Disclaimer: As usual, these posts are generally Artemis' opinion, and if you don't like them then you can GTFO. Peace.
Many of you reading this are probably programmers who either know this already, don't care, or you've never thought about it.
There's a special "hidden" element to game making that people seem to buzz over when making a game. It's a pretty decent step in making games themselves, and, (as you can guess from my psuedo-header) I feel that it is overlooked quite often. What am I talking about? Encouragement.
I know what you're all thinking. "What does encouragement have to do with making a game? Clearly the programmer should be able to churn out all of the code in less than two months (ignoring any extremely busy college schedules *hint hint*)!"
You're absolutely right. A programmer should be able to handle everything from their basement, working from 10pm to 4am every weekend. That's their job. But why should their job be working alone in a basement for 6 hours a night? Thus, where encouragement comes in.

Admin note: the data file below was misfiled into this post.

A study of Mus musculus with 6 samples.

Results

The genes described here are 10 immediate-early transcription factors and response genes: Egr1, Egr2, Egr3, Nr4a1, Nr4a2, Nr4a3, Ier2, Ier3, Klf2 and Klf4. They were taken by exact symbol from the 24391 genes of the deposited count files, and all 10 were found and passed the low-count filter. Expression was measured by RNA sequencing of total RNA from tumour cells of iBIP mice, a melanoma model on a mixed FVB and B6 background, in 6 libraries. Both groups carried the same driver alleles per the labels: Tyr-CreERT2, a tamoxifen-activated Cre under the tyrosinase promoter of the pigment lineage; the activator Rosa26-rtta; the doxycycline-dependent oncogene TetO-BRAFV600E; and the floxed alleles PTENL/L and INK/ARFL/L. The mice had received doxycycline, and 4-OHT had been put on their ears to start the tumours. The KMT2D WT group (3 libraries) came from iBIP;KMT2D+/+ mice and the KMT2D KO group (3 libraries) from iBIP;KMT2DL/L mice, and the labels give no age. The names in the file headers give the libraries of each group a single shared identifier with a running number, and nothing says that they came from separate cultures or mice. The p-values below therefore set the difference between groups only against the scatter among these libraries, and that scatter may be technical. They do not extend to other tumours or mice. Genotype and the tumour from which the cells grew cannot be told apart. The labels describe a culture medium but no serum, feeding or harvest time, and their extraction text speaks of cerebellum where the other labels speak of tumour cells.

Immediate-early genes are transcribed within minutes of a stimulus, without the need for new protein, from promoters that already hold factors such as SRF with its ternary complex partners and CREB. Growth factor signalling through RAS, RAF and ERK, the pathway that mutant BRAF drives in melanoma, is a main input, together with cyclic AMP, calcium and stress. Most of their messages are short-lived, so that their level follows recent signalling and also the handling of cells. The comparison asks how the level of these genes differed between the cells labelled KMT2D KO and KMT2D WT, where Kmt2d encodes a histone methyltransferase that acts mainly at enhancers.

See, if you're working on a game, you get frustrated, you lose desire to work on the project, what keeps you going? The encouragement from others around you.
People underestimate the power of encouragement. It is a great driving force. When my friends tell me that they're excited to see my games work out, I get more desire to work on it. I get the fervor necessary to pull those 6 hr nights.
Ask any programmer, when they hear people interested in their game, asking questions (obvious not "When will it be done?" and the like) they like to share their ideas, perhaps get a few from you; they love it.
If you want someone else to finish their game, don't sit around waiting for it to happen. Ask questions, offer ideas, encourage them. You are as much a part of the game's creation as the programmer. So if you're interested in a particular project, go to the programmer, leave messages, send emails. Find them in-game. Ask them how they're doing. Because when people show interest, programmers are more willing to churn through that extra work to complete their game sooner.
Man, I probably should've made the draft instead of just typing up my thoughts. I don't think this fully conveys my ideas... oh well.